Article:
Introduction to inter-vlan routing
When we learnt about VLANs, we said that each VLAN is usually on its own subnet, switches mainly operate at layer 2 of the OSI model and therefore they do not examine the logical addresses. Therefore, user nodes located on different VLANs cannot communicate by default. In many cases, we may need connectivity between users located on different VLANs. The way this can be accomplished is through inter-VLAN routing.
In this course, we will look at one type of inter-VLAN routing, which is through the use of a router.
Inter-VLAN routing can be defined as a way to forward traffic between different VLAN by implementing a router in the network. As we learnt previously, VLANs logically segment the switch into different subnets, when a router is connected to the switch, an administrator can configure the router to forward the traffic between the various VLANs configured on the switch. The user nodes in the VLANs forwards traffic to the router which then forwards the traffic to the destination network regardless of the VLAN configured on the switch.
Information destined for PC B, leaves PC A with the VLAN 20 tag, when it gets to R1, the router, changes the format of this message from VLAN 20, to VLAN 30, it then sends it back to the switch and the switch finally sends the message to its intended recipient PC B.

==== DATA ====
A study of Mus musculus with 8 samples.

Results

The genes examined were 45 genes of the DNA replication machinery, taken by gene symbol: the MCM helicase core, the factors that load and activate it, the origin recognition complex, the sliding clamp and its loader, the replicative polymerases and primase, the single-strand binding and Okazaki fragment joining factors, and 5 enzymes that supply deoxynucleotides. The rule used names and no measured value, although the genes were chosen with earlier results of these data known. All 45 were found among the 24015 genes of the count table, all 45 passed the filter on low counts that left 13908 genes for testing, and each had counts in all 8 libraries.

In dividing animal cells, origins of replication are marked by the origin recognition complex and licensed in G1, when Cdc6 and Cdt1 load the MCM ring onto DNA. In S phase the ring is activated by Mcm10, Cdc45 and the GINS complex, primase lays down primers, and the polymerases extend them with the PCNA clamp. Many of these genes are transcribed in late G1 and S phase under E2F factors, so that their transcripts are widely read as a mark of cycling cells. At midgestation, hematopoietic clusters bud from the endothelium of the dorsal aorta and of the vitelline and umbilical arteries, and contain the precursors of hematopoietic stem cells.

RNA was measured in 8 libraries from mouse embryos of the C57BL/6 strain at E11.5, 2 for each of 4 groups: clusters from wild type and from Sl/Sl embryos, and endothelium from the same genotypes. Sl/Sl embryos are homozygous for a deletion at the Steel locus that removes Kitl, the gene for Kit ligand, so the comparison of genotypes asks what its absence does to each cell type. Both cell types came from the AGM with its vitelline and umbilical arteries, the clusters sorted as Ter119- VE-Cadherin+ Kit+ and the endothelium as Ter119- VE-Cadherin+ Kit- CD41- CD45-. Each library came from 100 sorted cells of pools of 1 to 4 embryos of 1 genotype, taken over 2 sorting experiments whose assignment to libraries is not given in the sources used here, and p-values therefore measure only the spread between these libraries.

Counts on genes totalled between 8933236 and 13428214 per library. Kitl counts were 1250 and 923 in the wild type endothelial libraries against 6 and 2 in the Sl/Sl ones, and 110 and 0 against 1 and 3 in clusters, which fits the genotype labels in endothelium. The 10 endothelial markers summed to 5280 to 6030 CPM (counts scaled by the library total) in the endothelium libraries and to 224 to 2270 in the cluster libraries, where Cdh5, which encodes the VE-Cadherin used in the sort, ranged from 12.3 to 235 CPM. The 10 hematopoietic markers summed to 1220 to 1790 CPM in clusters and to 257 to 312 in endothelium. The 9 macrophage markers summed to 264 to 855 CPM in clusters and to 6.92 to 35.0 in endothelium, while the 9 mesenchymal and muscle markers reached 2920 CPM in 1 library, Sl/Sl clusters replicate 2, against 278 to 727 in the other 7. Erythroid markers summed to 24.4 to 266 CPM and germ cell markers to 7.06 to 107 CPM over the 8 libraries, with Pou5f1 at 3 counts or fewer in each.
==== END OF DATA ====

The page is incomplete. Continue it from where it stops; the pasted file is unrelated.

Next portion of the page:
There are two ways in which inter-VLAN routing can be accomplished.
- Traditional inter-VLAN routing
Traditional inter-VLAN routing
In this type of inter-VLAN routing, a router is usually connected to the switch using multiple interfaces. One for each VLAN. The interfaces on the router are configured as the default gateways for the VLANs configured on the switch.
The ports that connect to the router from the switch are configured in access mode in their corresponding VLANs.
When a user node sends a message to a user connected to a different VLAN, the message moves from their node to the access port that connects to the router on their VLAN. When the router receives the packet, it examines the packet’s destination IP address and forwards it to the correct network using the access port for the destination VLAN. The switch now can forward the frame to the destination node since the router changed the VLAN information from the source VLAN to the destination VLAN.